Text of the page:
Oaks Park High School


KS3 Drama

Year 7

Term 1 Term 2 Term 3

Introduction to storytelling


Abstract Theatre

Thought Tracking


Performance Skills

Conventions of the Genre

Working with scripts

Shakespeare: The Tempest (Play)Performance skills

Conventions of Shakespearean Theatre


Physical Theatre

Working with scripts

Line learning

Darkwood Manor

Conventions of Thriller/Horror

Creating Atmosphere/Tension suspense

Use of voiceSoundscape

Ernie’s Incredible illucinations (Play)

Performance skills

Responding to script




Hot Seating

Monologues &  Duologues

Freeze Frame

Fame & CelebrityCreating AdvertsInterview skills

News Desk


Devising /Using stimuli

Year 8 

Term 1 Term 2 Term 3

Comedy Props and Masks slapstick MimePerformance skills

Comedy in unexpected scenarios

Le Coq techniques: 7 stages of tension

Introduction to Masks: Clocking the audience

Comic timing

Greek Theatre (Theseus and the Minotour)

Conventions of Greek Theatre

Gossip and Chorus work

Physical Theatre - Soundscape:-

creating a Boat / Creating a Monster

Blood Brother Script

Themes in the play:-Identity

Vocal and Physical Skills

Combat Skills and Physical theatre

Always -Non contact



Paired fighting

Group combat


Shakespeare: Romeo & Juliet

Themes in the play working with scripts

Disrespect/ flash back

Fight scene Theatre combat 

Social Media


Working with stimuli


KS4 Drama

Exam Board:EDEXCEL

The Overview of the course

The course aims to provide students with a variety of dramatic skills, from the perspective of performer, director, designer and audience member. Students are provided with the skills needed to complete the qualification, but more importantly, to help set them up for the future. Confidence, pride, creativity, assertiveness, empathy, a sense of open-mindedness and a hard-work ethic are nurtured and developed via the exploration of play texts, the creation of original dramatic works and the interpretation of performance texts. Your child will learn to work independently, on a one-to-one basis, and as a participant and leader of groups of varying sizes. They will develop important, transferable skills in analysis, reflection and evaluation. All students are required to work hard, but are rewarded for their efforts with a course that it is enjoyable and affirming. Students will attend trips to the theatre and be encouraged to see as much performance art as they can outside of school. We hope our students complete their GCSEs with interests, opinions and passions that stay with them forever.

Course breakdown and assessment methods

The Drama GCSE is broken down into 3 components

Component 1 – Devising - 40% (Performance exam and written portfolio):

The creation of devised piece of theatre in groups. After a period of development and rehearsal, their pieces are performed in our impressive new Drama Studio, complete with professional lighting rig and costumes, to an invited audience of family, staff and other members of the Drama Cohort. They are examined internally and a video sent away to the exam board for moderation. In conjunction with the performance, students are required to keep a portfolio of their work which includes a reflection of the development process, all research and an evaluation.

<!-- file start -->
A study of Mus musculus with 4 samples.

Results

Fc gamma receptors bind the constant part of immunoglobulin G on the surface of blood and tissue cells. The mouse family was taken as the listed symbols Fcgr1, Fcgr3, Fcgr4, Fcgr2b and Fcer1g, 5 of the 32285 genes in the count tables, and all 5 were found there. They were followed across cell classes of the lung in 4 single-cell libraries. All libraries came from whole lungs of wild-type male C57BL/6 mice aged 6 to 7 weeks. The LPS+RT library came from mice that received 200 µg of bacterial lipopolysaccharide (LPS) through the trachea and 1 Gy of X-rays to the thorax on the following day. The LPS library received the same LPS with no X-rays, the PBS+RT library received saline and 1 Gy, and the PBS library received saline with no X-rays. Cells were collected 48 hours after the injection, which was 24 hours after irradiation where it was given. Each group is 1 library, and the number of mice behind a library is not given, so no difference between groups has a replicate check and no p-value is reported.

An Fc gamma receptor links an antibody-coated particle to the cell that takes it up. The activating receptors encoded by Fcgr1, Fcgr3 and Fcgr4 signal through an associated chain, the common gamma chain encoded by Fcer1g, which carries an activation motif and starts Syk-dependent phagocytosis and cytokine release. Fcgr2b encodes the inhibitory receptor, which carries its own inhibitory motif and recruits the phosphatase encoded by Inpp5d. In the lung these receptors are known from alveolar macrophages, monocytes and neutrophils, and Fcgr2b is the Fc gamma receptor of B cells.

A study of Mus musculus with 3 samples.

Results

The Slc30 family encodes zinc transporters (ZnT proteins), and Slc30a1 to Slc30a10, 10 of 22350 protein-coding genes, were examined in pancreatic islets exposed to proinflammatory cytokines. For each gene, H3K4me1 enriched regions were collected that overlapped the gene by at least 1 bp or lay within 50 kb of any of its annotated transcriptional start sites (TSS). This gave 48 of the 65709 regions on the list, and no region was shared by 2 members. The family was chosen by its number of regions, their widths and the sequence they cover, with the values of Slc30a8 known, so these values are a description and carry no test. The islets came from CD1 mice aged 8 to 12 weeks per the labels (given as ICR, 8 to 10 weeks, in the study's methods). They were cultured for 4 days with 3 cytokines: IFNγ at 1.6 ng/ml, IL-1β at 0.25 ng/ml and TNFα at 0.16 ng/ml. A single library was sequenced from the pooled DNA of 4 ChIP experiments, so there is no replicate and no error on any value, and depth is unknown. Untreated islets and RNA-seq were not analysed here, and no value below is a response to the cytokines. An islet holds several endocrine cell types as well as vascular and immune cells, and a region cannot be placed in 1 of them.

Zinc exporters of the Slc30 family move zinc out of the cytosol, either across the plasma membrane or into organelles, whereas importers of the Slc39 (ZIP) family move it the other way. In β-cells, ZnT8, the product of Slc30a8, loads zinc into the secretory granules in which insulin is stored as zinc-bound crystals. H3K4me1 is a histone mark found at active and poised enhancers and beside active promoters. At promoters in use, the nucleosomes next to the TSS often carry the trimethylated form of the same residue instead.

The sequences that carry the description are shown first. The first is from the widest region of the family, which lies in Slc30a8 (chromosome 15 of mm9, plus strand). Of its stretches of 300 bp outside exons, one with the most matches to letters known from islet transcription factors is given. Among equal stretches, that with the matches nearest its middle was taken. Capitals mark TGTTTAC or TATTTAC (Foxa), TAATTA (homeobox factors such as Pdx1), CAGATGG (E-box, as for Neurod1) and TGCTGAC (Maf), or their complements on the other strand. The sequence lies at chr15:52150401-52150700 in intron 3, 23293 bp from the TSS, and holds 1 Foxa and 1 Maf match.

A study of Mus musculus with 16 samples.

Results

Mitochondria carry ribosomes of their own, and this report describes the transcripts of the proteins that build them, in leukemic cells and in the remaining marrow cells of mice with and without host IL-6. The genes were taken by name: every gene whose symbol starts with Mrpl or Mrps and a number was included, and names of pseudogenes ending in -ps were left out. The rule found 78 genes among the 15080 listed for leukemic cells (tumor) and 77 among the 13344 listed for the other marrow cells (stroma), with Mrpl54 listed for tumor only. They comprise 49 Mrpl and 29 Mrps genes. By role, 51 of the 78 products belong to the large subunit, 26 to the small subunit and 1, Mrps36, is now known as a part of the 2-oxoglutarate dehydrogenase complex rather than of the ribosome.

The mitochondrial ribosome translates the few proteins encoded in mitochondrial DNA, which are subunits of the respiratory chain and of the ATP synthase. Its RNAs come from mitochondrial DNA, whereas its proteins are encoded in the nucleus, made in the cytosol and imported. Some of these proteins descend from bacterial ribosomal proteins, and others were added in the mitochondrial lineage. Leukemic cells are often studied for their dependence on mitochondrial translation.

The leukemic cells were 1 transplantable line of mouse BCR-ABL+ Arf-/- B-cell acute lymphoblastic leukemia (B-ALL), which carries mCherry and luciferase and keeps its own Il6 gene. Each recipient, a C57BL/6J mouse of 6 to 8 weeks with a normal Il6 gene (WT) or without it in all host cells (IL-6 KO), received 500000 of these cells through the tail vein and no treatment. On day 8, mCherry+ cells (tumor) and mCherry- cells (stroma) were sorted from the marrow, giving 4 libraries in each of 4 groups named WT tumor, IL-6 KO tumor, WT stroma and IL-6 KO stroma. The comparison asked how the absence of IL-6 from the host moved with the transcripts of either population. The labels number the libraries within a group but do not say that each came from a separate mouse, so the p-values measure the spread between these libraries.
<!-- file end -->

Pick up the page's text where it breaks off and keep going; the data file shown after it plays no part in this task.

Component 2 – Performance from Text – 20% (Performance exam):

Students perform as a character in two key scenes from the same published play text. Again, these are performed to an invited audience in our Drama Studio. These performances are assessed by a visiting examiner from Edexcel. Students support their practical performances with a written synopsis of their choices behind the characterisation from the perspective of performer. These are taken into consideration by the visiting examiner.

Component 3 – Theatre Makers in Practice – 40% (Written exam):

Section A – Bringing texts to life: In preparation for the 1hour 30 minute written exam, students will explore a play text extensively from the perspectives of performer, director and designer. They will see their visions for the play realised within the rehearsal room and explored fully practically, before putting on their own version of the play for an invited audience of family and friends in our Drama Studio.

Section B – Live Theatre Evaluation: As part of their written exam, students are asked to analyse and evaluate the effectiveness of a live theatre performance they’ve seen.

What can students do at the end of the course?

The life-skills gained within drama are highly respected among many professions including law, Human Resources, teaching, sales and recruitment, media, politics & public office and medical General Practice. A Drama GCSE provides a good first step on the ladder to any of these professions as well as obviously a career in the Performing Arts.

How can parents or carers support?

Parents can support by taking students to see as much as possible; be it theatre, free performance art on the South Bank or museums, to help them broaden their minds and views on the world. Students are required to become creative thinkers and avid researchers. Regular homework is given with this in mind and parents are asked to help ensure students are keeping on top of this. Parents are encouraged to come and see students perform as often as they are able.